In these uncertain times for the post-Brexit vote economy, thank heavens Britain thrives in one overseas market. When it comes to exporting death, as a new Oxfam report confirms, the figures have seldom looked healthier.
Once upon a time, patriots like me had serious worries about the future of our splendid arms trade. In 1997, the incoming Foreign Secretary Robin Cooke pledged to introduce an “ethical foreign policy”.
But we needn’t have fretted. Who with any real power pays attention to the utopian ramblings of such an eccentric soul? Six years on, Cooke’s “ethical foreign policy” found its apotheosis in the invasion of Iraq which sent him scurrying from the Cabinet in the muddle-headed belief that it was a catastrophic error built on a colossal lie.
Anyway, however enticing “ethical foreign policy” sounded at the time, a real cynic knows that phrase for the oxymoron it always was and will forever remain. Coming second to the US in the medals table at one Olympics might be a flash in the pan. Finishing second behind America year after year in the global league of net arms exporters suggests a mildly unethical commitment to flogging the means of death to any regime, however disgusting, with the cash to buy them.
The disgusting regime in this case is Saudi Arabia. Under David Cameron, arms exports to the desert kingdom boomed spectacularly to a total just under $7bn (£5.3bn), almost half of that coming after the Saudis – our number one weaponry client – began the bombing of Yemen, which is the subject of Oxfam’s report.
The Yemeni war attracts far less attention than that in Syria, so casualty figures are even vaguer. How many hundreds, thousands or tens of thousands of civilians have been killed by the Saudi deployment of British-made weapons and fighter jets is unknown. Equally unclear is how many hundreds of thousands, or millions, they have helped to displace.
What is plain is that the British government has long known these armaments are being used in contravention of the international Arms Trade Treaty to which it is a signatory.
It has chosen to operate the arms world’s traditional dual policy of firstly denying the allegation – after insisting earlier this year it was “confident” Saudi actions in Yemen complied with international law, it corrected that, claiming this whopper was an honest mistake – and secondly sticking its fingers in its ears whenever bleeding heart ninnies mention that it is colluding in and enabling the slaughter of innocents in schools, hospitals and civilian workplaces.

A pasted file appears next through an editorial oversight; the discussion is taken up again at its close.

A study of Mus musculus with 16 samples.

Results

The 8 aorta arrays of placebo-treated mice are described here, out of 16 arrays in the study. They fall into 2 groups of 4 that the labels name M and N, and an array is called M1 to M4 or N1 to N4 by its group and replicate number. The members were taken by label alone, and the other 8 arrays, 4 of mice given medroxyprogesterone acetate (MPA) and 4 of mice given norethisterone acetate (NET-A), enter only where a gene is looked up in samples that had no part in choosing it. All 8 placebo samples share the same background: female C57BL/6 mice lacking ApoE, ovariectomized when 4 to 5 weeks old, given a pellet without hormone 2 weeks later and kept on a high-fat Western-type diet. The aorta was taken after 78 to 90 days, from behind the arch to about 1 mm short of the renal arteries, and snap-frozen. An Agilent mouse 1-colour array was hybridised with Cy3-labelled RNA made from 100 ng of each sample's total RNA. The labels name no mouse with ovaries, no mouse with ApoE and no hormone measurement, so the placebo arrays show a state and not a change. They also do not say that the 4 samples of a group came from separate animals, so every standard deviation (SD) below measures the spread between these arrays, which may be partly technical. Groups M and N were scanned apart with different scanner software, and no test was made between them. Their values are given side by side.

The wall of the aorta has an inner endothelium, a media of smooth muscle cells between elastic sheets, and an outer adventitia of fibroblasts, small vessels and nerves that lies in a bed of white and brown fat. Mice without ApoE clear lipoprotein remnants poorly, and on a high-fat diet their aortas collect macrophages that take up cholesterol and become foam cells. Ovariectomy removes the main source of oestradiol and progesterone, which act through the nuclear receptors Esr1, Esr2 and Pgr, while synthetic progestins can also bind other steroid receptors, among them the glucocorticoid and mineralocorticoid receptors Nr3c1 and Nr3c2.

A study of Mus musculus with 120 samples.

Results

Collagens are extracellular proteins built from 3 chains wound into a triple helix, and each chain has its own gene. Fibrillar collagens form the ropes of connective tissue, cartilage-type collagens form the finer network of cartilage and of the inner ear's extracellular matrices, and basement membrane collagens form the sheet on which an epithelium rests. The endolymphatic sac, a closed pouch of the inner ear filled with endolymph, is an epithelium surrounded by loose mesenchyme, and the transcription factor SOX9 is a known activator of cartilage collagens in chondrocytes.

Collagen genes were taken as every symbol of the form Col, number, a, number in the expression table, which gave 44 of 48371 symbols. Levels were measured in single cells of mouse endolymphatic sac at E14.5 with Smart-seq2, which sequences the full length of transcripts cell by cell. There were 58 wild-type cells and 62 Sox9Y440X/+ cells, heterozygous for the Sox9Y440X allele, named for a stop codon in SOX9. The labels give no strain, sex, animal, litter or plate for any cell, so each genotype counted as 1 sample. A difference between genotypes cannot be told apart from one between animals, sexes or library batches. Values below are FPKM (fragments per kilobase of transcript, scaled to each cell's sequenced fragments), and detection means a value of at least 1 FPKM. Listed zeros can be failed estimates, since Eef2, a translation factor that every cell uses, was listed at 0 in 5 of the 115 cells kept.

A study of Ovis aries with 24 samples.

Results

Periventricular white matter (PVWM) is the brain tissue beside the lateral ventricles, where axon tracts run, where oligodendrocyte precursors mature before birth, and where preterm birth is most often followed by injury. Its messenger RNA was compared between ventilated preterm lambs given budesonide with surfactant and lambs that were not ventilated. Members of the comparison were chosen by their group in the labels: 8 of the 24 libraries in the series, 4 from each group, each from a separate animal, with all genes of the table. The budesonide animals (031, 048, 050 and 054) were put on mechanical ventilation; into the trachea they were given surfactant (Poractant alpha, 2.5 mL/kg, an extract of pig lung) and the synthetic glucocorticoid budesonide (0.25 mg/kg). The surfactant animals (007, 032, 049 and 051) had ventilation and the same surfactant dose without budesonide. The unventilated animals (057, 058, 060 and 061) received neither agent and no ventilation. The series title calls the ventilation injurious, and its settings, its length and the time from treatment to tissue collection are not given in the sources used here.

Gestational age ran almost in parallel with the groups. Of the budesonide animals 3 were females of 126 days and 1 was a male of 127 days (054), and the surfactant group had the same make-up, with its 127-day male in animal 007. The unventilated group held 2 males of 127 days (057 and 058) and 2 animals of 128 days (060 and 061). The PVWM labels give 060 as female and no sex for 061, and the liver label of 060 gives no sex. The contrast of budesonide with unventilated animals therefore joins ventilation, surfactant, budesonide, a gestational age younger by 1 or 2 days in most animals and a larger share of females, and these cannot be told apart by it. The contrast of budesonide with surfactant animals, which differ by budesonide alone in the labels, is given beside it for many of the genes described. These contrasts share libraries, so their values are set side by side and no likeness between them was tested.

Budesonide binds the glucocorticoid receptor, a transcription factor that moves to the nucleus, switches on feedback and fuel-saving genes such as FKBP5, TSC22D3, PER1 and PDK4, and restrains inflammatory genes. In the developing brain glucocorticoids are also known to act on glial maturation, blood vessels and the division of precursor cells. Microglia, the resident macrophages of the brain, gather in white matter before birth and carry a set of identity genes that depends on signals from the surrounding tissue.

If ever a minister has an attack of conscience over such horror, you may assume that a senior civil servant will nip it in the bud. I refer you to the episode of Yes, Minister (more a fly-on-the-wall documentary, in this context, than satirical sitcom) in which Jim Hacker wants an inquiry into arms exports. “No Minister, I beg you,” says Sir Humphrey. “A basic rule of government is never look into anything you don't have to, and never set up an inquiry unless you know in advance what its findings will be.”
But perhaps this is unfair to International Trade Secretary Liam Fox. Who knows, the good doctor might be so distressed by Oxfam’s report that he ignores all mandarin objections to place an immediate moratorium on arms sales to the Saudis and institutes an independent enquiry.
Yet without wanting to come over all Debbie Downer, I can’t see it myself. The neo-con Fox, before being resigned over the globe-trotting relationship with Adam Werritty – the best friend with the arms industry links – once hoped aloud that Britain retain a “healthy slice” of the Middle East defence market. Unlike Dr King, he lived to see his dream realised.
Whether or not you would style Britain’s share of this market as “healthy”, it’s certainly large. One could quibble about exactly how profitable it is, partly because the government massively subsidises the industry to protect jobs in a way it feels unable to do with steel; and partly because we have no idea how much the Saudis need in bribes these days to sign order forms. Since the Al Yamamah scandal, when Tony Blair personally shut down a Serious Fraud Office enquiry into BAE’s bribery of the Saudis, these inducements may be made with more subtlety than previously.
It would be lovely to imagine that Theresa May, in pursuance of the more moral politics she wants to represent, will act on this. The least of that would be ensuring that Fox has no deal-striking role in this field. The most of it would be a binding commitment not to sell so much as an air-gun to countries that insouciantly disregard human rights at home or abroad – or, as in the Saudi case, both.
You might have thought such a stance would be automatic for any church-attending vicar’s daughter with strong faith in Christ’s teachings. In private, no doubt it is. Whether this PM will publicly reveal a stronger moral sense than David Cameron and Tony Blair, who strove so selflessly to ingratiate their administrations with the House of Saud, time will tell. Every day she holds her tongue, more Yemenis will die and be driven to flight by instruments of war sold in her government’s name and used with her implicit approval.